What are the most common skin conditions in newborns?

    It's very common for newborns to have rashes or other skin problems. Some of them have long names that are hard to say and sound scary. But most will go away on their own in a few days or weeks.

    Here are some of the things you may notice about your baby's skin.

    • It looks like pimples.
      • Babies often get pimples on their cheeks, noses, and foreheads. This baby acne may show up during the first few weeks of life and usually clears up on its own within a few months. Baby acne has nothing to do with whether your child will have acne problems as a teenager.
      • Tiny white spots very often appear on a newborn's face during the first week. The spots are called milia (say "MIL-ee-uh"). Sometimes white spots appear on the gums and the roof of the mouth (palate), where they are called Epstein pearls. The white spots go away by themselves in a few weeks and aren't harmful.
    • The baby's skin looks blotchy.
      • During the first day or two of life, many babies get harmless red blotches with tiny bumps that sometimes contain pus. This is called erythema toxicum (say "air-uh-THEE-mah TOK-sik-um"). It may appear on only part of the body or on most of the body. The blotchy areas may come and go, but they will usually go away on their own within a week.
      • A rash called pustular melanosis (say "PUS-chuh-ler mel-uh-NOH-sis") is common among black infants. The rash is harmless and doesn't need treatment. It causes pus-filled pimples that may break open and form dark spots surrounded by loose skin. Babies are born with it, and it usually goes away after the first few days of life. Sometimes dark spots may last for a few weeks or months.
      • When cold, your newborn may get a blotchy, lacy rash (mottling) on the limbs and torso. Remove your baby from the cold source, and the rash will usually go away. Mottling usually doesn't occur past 6 months of age.
    • The baby has a rash.
      • Babies can get heat rash camera.gif, sometimes called prickly heat, when they are dressed too warmly or when the weather is very hot. This is a red or pink rash usually found on the body areas covered by clothing. It often itches and makes your baby uncomfortable. Doctors call this rash miliaria (say "mil-ee-AIR-ee-uh"). To help the rash go away, remove your baby from the warm setting. Dress your child in light, loose clothing and give him or her a cool bath. For more information, see the topic Heat Rash.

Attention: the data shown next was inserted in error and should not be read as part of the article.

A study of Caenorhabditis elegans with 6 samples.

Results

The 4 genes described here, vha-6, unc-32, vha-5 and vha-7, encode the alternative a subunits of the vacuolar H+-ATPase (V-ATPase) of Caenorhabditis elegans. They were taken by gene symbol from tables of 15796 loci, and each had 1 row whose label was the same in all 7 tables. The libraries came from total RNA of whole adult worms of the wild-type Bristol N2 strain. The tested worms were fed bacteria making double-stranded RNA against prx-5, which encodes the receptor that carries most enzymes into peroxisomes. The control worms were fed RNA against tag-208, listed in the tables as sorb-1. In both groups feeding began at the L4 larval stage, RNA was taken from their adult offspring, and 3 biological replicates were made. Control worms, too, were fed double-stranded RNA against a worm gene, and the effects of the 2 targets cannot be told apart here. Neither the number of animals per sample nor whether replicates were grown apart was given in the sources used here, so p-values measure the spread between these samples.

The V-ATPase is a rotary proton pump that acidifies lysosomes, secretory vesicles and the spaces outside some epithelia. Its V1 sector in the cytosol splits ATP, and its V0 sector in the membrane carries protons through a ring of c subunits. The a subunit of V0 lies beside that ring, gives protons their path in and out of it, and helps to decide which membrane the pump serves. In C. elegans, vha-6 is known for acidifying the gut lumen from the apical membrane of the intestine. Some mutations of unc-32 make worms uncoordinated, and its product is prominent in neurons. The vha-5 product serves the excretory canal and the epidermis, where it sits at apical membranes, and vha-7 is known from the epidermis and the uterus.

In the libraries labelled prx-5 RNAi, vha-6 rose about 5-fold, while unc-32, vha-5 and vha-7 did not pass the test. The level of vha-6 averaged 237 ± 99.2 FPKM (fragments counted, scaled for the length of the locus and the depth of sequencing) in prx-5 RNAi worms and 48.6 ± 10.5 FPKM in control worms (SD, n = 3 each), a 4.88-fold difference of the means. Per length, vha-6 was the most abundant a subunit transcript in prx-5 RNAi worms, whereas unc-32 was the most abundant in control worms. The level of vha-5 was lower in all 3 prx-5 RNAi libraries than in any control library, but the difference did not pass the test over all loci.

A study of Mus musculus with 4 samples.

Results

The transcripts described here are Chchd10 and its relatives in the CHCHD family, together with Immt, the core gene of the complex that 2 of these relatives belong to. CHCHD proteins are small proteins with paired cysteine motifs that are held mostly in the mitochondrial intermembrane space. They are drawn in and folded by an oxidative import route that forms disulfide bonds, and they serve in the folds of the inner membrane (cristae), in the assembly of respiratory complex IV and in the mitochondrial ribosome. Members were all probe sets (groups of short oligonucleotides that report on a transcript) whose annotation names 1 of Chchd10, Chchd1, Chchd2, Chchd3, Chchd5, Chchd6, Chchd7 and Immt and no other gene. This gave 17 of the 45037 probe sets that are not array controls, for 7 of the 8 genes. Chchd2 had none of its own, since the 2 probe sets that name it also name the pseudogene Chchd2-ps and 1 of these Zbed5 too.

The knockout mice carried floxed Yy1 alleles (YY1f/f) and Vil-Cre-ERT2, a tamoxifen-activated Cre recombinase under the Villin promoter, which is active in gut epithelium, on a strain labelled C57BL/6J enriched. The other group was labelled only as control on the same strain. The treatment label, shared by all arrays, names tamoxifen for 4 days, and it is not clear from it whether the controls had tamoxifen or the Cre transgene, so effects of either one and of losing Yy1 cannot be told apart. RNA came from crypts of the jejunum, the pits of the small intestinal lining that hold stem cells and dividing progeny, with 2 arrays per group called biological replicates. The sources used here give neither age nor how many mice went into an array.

• Diaper rash is red and sore skin on a baby's bottom or genitals that is caused by wearing a wet diaper for a long time. Urine and stool can irritate the skin. Diaper rash can happen when babies sleep for many hours without waking. Sometimes an infection from bacteria or yeast can cause a diaper rash. If your baby has diaper rash, take extra care to keep him or her as dry as possible. For more information, see the topic Diaper Rash.
      • Many babies have a rash off and on around the mouth or on the chin. It's caused by drooling and spitting up. Clean your baby's face often, especially after he or she eats or spits up. For more information, see the topic Spitting Up.
    • The baby sometimes has tiny red dots on the skin.
      • You may notice tiny red dots on your newborn's skin. These red dots are called petechiae (say "puh-TEE-kee-eye"). These are specks of blood that have leaked into the skin. They are caused by the trauma of being squeezed through the birth canal. They will disappear within the first week or two.
    • The baby's scalp is scaly.
      • Many babies get what is called cradle cap camera.gif. This scaly or crusty skin on the top of the baby's head is a normal buildup of sticky skin oils, scales, and dead skin cells. Unlike some other rashes, cradle cap can be treated at home with shampoo or mineral oil. Cradle cap usually goes away by age 1 year. For more information, see the topic Cradle Cap.